Friday, March 23, 2007

How to Handle Changes in Utah Tax Law -- Municipal Perspective

There have been a number of questions about the tax changes made during the 2007 Legislative session and how they will impact Utah cities and towns. In particular, there have been questions about what action cities may have to take in response to legislative actions.

It should be noted that virtually all of the tax changes were part of the comprehensive and voluminous tax bill which incorporate virtually every tax change made during the session. This bill was Second Substitute Senate Bill 223 sponsored by Sen. Niederhauser. The bill incorporated not only all of the sales tax related changes but also the income tax reform. It also included a number of special business tax changes. The principal exception was the municipal telecommunications tax change that was done through House Bill 238 by Rep. Wayne Harper.

The following information outlines the primary changes that affect our cities. Obviously all cities are not impacted by every tax change. However, there was enough of an overlap that we chose to outline all of the tax changes in this single letter.

The Removal of Food from the Specialty Taxes

Non-prepared food was exempted from the sales tax base for the specialty tax levies (previously referred to as the “boutique taxes”). In some instances there have been attempts at offsetting revenue increases. All sales tax changes take effect on January 1, 2008. Be aware that the actual impact of the food removal will vary from community to community and will depend entirely on what portion food sales represent of your community’s tax base.

Municipal Local Option Tax (1%)

This municipal local option tax was not affected by the partial removal of sales tax from unprepaired food items. There will be no revenue implications associated with this revenue source.

Municipal Transportation Tax Levies and Transit Levies

There are a number of specialized transportation levies that were impacted by the removal of food. To offset the impact of the food removal the tax rates were raised on the remaining tax base. The increase will take place automatically on January 1, 2008. No action is required by cities or towns.

Resort Community Tax

The legislation authorized an increase in the base resort community tax rate cap from 1% to 1.1% to minimize the impact of removing food. Since this action involves an increase in a rate cap, cities will have to pass a new ordinance to implement the new rate cap. Be aware that although the law change itself does not take effect until Jan. 2008, current law requires a 90 day notification to the tax commission prior to implementation. As such, impacted cities should not delay making decisions and necessary ordinance change. Lastly, there was no offsetting rate increase on the additional .5% resort tax dedicated for debt reduction.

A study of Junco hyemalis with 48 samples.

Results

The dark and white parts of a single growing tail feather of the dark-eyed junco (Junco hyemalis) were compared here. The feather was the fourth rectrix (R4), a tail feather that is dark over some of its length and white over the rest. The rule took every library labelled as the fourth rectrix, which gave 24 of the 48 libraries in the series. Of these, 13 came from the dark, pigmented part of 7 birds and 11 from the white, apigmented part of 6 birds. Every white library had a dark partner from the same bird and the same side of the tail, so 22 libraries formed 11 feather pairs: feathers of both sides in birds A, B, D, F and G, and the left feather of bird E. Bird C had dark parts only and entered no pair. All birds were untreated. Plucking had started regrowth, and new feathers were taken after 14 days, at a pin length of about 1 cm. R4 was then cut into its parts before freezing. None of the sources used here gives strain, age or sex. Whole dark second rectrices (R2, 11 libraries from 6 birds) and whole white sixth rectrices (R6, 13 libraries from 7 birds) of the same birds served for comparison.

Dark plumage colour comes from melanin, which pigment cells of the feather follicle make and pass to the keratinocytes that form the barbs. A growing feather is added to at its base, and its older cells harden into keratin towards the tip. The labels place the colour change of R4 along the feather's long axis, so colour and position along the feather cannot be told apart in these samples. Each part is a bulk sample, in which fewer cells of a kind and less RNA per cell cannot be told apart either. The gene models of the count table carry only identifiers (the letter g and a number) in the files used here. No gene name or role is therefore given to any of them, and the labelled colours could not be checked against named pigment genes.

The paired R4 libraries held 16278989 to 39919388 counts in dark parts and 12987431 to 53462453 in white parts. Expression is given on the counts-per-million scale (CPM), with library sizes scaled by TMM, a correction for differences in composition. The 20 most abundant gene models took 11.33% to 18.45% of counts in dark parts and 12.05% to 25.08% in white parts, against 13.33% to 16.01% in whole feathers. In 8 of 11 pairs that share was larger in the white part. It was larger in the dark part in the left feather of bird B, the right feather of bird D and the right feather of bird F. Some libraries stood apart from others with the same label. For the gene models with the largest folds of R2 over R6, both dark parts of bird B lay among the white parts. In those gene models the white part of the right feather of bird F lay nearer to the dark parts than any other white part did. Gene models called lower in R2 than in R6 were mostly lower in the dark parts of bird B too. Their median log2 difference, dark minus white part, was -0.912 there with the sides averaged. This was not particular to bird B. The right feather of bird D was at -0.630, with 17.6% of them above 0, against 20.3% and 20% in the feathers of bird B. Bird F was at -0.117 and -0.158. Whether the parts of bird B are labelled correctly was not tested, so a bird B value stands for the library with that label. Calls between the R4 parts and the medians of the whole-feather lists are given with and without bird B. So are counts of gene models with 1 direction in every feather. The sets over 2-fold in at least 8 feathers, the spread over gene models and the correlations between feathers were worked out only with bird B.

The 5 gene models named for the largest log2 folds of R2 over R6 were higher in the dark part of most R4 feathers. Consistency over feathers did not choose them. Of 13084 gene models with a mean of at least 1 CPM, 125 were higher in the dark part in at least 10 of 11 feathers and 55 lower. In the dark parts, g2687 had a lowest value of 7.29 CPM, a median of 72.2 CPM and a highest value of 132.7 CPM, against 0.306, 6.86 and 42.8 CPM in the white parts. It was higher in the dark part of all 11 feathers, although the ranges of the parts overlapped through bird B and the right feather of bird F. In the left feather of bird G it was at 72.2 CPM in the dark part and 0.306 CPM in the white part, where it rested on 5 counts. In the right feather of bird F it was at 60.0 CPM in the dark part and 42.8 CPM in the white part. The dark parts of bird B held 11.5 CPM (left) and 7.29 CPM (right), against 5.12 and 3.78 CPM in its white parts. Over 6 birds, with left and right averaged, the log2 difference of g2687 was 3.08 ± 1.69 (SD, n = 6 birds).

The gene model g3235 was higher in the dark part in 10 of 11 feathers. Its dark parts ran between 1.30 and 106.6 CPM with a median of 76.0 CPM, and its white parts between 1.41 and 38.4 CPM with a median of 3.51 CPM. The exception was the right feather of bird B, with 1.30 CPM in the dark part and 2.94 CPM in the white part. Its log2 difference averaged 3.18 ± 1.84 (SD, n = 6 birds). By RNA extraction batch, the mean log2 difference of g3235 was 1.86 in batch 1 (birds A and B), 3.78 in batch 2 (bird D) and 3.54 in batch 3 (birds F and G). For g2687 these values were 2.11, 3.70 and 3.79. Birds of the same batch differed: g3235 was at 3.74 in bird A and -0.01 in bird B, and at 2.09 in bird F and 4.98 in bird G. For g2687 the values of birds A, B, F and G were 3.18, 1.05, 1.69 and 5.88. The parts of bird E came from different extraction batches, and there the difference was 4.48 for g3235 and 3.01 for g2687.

Generally this tax rate is imposed at the county level. However there are a few cities that impose the tax. The legislature did not authorize any offsets for the elimination of food. Therefore, impacted communities should anticipate a loss of revenue.

Generally speaking, the offsets that were provided in the legislation cover any anticipated losses that would be associated with a reduction in the tax base. While this is predicated on the composition of the tax base for each affected community, it is fair to say that most cities and towns will see little or no negative impact related to the removal of sales tax on food, and in many circumstances the net result will be revenue positive.

Municipal Telecommunications Tax

All of our cities and towns have been on notice for some time that eventually the rate cap of 4% for the Municipal Telecommunications Tax would be lowered. This is the year it happened. Beginning July 1, 2007 the new rate cap will be 3.5%. It is important to note that the legislation incorporated language authorizing the Utah State Tax Commission to automatically make the adjustment for cities imposing the tax at the 4% cap. As such, cities do not need to go through the process of changing the ordinance and notifying the tax commission. (Cities will probably want to adjust their ordinance anyway to reflect the actual rate cap. However, you are not under the tight time frames associated with meeting the July 1st deadline. Regardless of what you do – beginning July 1st you will only receive revenue associated with a 3.5% cap.)

This automatic process does not apply to a city that: (a) is currently at 4% and wants a rate other than 3.5%; (b) a city not currently at 4% that wishes to change its current rate; or (c) a city that currently does not impose the tax. These cities will need to enact the appropriate ordinance and notify the tax commission. Please note for these cities action will need to be taken very quickly in order to meet the appropriate deadlines.

These two bills, SB223 and HB238, generally capture all of the statutory tax changes made during the 2007 session. It is not, however, reflective of all legislation effecting municipal revenues. If you have questions regarding these two bills and their impacts or any other legislation please do not hesitate to call Lincoln Shurtz at the ULCT office - 801.328.1601. All in all it was a very good year for local government on Utah’s Capitol Hill. Please check your mailboxes soon for additional insights on the 2007 legislative session. In addition, please plan on attending the ULCT Midyear Conference in St. George on April 12-13 for a great post-legislative session recap.


The Utah League of Cities and Towns Lobbying Team.